Our mentor, renowned physicist Harris Kagan was sure to drill in the major rules of holography:
- Two beams - you can't have an image without an object beam and reference beam coinciding on the film and creating an interference pattern.
- Stability - nothing can move more than half the distance of a wavelength of light (roughly 300 nm) during the exposure or you get a changing (distorted/destroyed) interference pattern
But there were several more lessons to be learned, which I think are transferrable to other disciplines.
- Everything matters - whether it's which hand you use to load the glass into the film holder, what brand of squeegee you buy (for the record, the perfect squeegee was formerly found at Bed Bath and Beyond for about $9 but has since been discontinued much to the dismay of the holography community), or what object you're imaging, everything has a purpose and a meaning, and nothing is done without consideration.
- You can do anything, it just takes time - nothing is off limits, it just might take 8 hours of re-machining parts, building structures, and aligning optics to make it feasible.
- Well, maybe not anything - there are many inherent limitations to the medium. Fuzzy things and living things move on a microscopic level. No matter how still you are, you'll never be stabile enough for a continuous laser image. Shiny objects just work better. But if they're too shiny they won't work at all. Green objects will never be bright under a red laser. Whatever idea you had, assume you'll be tweaking it. However it's these limitations that provide for many of the most interesting and ingenuitive experimental holograms.
- It's who you know - nothing new, but the holography community is super close-knit. It's like a secret society or a fraternity, in which everyone knows everyone, and it's a small pond filled with huge fish all swimming shoulder to shoulder. We had visitors drive in from several states over when they heard Sam and Harris would be in the same room, just for a chance to get an autograph and talk lasers. Good ol' so-and-so out in Russia? Yeah, I saw him a few weeks ago. He worked with what's-his-name in Japan, right? Yeah, right before I worked with him in NY. He's married to that woman what's-her-face. Oh yeah, I had dinner with her last month at such-and-such. If you can manage to name drop that one holographer you've worked with, they will know who you mean, and you will feel very important for the next 45 seconds. But when you're in the company of holographers talking holography, prepare to be acutely aware of the fact that you are, for now, an outsider graciously being offered a peek into a strange world full of physics jokes, unpronounceable words, and units of measure you haven't thought about since high school.
- There are two types of artists - the kind that want to be holographers and the kind that want you to make holograms for them so they can look like holographers. Holographers can smell a poser from a mile away. For instance, I found out the hard way not to mention James Turrell as one of your holography idols. The holography community has a severe distaste for Turrell, who walks into a lab and pays "real" holographers to make him brilliant things. But if you asked him about beam ratios or how exactly triethylalamine filters out selective wavelengths of white light to develop a colored hologram, he'd likely give you a blank stare. While he gets all the glory as a "legendary holographer" the guy who likely invented all the techniques he's using is sitting in a basement in Ohio getting an autograph from Sam Morée.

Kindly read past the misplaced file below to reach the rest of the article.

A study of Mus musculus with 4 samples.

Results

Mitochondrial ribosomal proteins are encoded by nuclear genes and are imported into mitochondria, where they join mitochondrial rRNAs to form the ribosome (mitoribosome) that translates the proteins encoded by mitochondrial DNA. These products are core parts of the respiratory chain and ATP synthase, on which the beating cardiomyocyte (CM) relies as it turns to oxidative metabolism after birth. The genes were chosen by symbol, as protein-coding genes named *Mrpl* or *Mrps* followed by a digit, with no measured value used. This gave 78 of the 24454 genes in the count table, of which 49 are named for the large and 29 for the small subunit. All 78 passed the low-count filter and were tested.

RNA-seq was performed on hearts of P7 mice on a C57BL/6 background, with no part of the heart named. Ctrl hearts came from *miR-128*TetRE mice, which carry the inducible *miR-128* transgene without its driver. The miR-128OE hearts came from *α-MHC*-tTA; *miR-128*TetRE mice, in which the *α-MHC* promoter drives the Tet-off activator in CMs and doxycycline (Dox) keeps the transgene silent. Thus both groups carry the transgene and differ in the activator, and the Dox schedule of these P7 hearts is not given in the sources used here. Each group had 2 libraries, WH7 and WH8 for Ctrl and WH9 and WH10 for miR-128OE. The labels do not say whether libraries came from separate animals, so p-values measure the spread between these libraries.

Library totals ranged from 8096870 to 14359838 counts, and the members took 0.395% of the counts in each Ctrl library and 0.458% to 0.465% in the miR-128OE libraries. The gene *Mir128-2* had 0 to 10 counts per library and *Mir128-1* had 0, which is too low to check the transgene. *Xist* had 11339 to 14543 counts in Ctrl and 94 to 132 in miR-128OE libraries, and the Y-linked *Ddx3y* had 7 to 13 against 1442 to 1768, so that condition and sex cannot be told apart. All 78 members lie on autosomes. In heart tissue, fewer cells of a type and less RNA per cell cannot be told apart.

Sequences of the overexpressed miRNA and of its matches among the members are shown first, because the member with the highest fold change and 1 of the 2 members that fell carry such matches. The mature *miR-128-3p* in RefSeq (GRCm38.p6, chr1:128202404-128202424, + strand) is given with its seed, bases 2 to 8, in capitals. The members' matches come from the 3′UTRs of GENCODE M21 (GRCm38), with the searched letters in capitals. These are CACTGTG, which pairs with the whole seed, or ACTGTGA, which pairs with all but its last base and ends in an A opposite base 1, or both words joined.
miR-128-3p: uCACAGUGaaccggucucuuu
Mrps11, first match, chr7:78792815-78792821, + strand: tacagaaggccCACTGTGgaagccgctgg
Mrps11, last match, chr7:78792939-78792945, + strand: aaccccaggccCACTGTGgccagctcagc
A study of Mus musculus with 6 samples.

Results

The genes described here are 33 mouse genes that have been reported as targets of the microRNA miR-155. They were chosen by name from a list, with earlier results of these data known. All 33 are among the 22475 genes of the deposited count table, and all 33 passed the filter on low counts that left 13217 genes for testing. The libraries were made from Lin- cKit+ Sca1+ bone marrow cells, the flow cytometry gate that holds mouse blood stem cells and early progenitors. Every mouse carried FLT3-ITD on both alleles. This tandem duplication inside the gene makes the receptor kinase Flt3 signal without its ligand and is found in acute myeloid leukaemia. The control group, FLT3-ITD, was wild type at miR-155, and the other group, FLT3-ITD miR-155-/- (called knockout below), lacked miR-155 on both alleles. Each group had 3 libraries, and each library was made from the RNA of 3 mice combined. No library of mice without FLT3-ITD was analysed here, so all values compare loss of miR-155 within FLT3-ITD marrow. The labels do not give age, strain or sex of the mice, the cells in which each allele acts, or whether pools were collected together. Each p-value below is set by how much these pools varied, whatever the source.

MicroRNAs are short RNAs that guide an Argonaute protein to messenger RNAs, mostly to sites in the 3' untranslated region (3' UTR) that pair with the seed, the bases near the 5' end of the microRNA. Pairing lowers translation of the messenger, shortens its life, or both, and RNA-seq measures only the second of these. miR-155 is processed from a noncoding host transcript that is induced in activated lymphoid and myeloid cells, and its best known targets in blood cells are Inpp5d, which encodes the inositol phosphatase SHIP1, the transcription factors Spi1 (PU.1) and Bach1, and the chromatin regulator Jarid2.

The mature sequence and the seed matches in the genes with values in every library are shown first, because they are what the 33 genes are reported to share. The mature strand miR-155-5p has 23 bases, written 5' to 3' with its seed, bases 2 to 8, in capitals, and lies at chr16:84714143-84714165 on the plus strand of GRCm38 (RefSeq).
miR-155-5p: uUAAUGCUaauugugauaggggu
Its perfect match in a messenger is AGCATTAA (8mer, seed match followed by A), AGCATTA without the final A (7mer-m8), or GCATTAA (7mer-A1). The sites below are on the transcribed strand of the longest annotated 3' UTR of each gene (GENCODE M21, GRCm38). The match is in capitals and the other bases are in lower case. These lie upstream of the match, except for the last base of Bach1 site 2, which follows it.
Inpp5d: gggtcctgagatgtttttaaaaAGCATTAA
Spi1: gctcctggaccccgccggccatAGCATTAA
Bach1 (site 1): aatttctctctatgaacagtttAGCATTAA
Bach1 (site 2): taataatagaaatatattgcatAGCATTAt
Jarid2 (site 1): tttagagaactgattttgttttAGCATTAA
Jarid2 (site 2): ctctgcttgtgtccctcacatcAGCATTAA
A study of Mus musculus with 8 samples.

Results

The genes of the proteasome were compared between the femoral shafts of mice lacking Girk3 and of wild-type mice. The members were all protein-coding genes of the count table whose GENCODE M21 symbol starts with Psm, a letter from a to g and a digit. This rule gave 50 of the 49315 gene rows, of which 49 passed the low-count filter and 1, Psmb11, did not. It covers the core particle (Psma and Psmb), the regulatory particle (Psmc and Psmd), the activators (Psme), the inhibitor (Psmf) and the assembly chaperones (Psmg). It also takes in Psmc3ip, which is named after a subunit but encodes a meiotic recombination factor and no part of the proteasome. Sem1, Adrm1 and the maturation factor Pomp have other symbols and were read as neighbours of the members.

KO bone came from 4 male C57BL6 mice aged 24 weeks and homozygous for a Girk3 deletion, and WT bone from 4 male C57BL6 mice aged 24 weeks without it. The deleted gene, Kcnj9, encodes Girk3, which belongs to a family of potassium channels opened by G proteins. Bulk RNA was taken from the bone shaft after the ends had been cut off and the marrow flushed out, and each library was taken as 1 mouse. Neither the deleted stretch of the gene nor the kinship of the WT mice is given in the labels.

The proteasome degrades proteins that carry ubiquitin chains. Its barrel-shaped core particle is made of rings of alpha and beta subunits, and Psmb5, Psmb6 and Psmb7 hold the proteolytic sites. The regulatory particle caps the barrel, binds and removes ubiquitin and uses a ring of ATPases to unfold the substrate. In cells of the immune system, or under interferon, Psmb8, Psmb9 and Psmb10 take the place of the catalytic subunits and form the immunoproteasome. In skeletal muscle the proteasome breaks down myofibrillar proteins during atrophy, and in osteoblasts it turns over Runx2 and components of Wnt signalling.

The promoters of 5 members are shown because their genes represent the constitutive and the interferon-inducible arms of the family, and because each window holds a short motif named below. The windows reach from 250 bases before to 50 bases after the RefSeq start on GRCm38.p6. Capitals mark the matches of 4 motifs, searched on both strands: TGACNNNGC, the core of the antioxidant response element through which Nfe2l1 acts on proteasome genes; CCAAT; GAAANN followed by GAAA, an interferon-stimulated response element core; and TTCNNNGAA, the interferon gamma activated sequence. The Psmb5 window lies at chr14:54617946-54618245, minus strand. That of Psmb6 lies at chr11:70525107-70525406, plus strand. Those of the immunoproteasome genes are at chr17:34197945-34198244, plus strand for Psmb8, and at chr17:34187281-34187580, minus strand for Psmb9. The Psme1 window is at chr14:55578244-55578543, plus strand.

- Give up the Pepper's Ghost - holographers are VERY touchy about the colloquial bantering about of the word "hologram." If I had a dollar for every time it was mentioned that Tupac was not a hologram but merely a pepper's ghost illusion (and that holography is not an illusion - it is real wavelengths of light reaching your eye the exact same way they would if the object were there), I'd be able to afford my own lab. Nor are HoloLens or VR technically holographic technologies. Moral of the story, technicalities matter (see bullet point #1)
As our week rounded to a close, we had the opportunity to ask Sam over dinner and drinks what he sees for the future of holography. Recognizing this is someone who has been innovating and pioneering holographic techniques for the past 35 or so years, I was hanging on his every word.
He feels that the technology of imaging and developing holograms has largely come as far as it likely can. But he sees great potential in attention to the process of viewing them. New lighting technology and new optics research could really revolutionize the way holograms are integrated into life on both practical and artistic levels.
Thinking within the framework of my practice, I'm looking forward to being able to experiment with my existing holograms on these terms. Activating holograms using digital projection rather than lasers or gallery lights, or playing with projecting holograms from a point or line source seem like promising places to start.
I still have this sneaking urge to attempt a DIY holography lab, but after seeing the fortune spent on legitimate equipment I have serious doubts about realizing that urge.
And ultimately, I'm excited to dream up a reason to propose a return to OSU for a residency.
|From left: Harris Kagan, Miho Ogai, Jaccqui Delaney, Zsofi Valyi-Nagi, Sandra Meigs, Jeff Hazelden, Eric Valosin, Sam Morée|
And should you find yourself in Columbus, I'll share the same advice that was shared with me: Go to Jeni's ice cream. Sample everything (I looked down at one point to find 10 tiny spoons in my sticky, clenched fingers), and ask for pairing suggestions. The ice cream will exceed the hype.
And for the record, ice cream is one of the few things in life that is better off not being a hologram.